Dairy Queen cannot hinder W.B Mason Co from selling bottled spring water called “Blizzard,” according to a federal judge’s verdict in Minnesota. The Berkshire Hathaway Inc unit sells its famous ice cream product under the same name.
The judge ruled in favor of W.B. Mason, dismissing all claims that their product confused consumers or had the intention to do so.
Dairy Queen has been using the Blizzard name since 1946. They own five different trademarks for this tasty treat, which is why they’re considered one of America’s favorite desserts.
Though recognizing that W.B. Mason, which has two Blizzard trademarks, is not a direct competitor, Dairy Queen stated that customers might be confused due to its US restaurants selling bottled water.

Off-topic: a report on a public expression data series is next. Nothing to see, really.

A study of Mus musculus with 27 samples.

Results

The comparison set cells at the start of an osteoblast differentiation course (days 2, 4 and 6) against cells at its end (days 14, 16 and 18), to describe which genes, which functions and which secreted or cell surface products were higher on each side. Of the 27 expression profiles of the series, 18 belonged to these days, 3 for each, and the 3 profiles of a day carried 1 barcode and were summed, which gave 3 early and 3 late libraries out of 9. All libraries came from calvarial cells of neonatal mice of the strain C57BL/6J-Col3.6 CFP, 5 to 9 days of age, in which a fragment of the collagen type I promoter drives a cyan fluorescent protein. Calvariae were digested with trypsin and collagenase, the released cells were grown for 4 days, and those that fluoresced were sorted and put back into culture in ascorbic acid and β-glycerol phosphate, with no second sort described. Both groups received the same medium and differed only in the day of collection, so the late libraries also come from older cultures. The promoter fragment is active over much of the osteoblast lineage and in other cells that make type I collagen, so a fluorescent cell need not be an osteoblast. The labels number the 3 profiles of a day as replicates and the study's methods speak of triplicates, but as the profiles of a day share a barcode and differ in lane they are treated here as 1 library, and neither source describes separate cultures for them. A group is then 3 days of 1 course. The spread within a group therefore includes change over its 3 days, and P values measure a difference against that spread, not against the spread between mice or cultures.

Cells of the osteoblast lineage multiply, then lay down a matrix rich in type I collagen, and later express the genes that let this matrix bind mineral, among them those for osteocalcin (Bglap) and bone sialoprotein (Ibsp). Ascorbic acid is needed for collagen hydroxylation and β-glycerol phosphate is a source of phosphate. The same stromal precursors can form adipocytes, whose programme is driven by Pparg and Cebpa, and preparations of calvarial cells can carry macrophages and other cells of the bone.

However, the judge stated that the products had “very different audience appeal” and have both existed for 11 years even with proof that Dairy Queen’s Blizzard had reached “iconic” status – with estimated US sales of $1.1 billion in 2020.
“Dairy Queen introduced no evidence of an actual association between the two products,” Nelson said in a statement. “If association were to occur, in all likelihood, it would have occurred by now.”
After 12 days of non-jury hearing with 30 witnesses, the judge issued a verdict last fall. The decision is dated June 10; however, it was made private for one week.
Dairy Queen stated that it was dismayed and assessing whether to appeal and would “vigorously enforce our rights when necessary” to safeguard the franchisees.
In a statement, a Nixon Peabody partner representing W.B. Mason, Jason Kravitz, described the decision as “a supremely satisfying and hard-fought win.”
Blizzard (Dairy Queen’s) has various flavors to choose from, like fruit and nut-based blends and M&Ms or Oreos mixed in for extra toppings.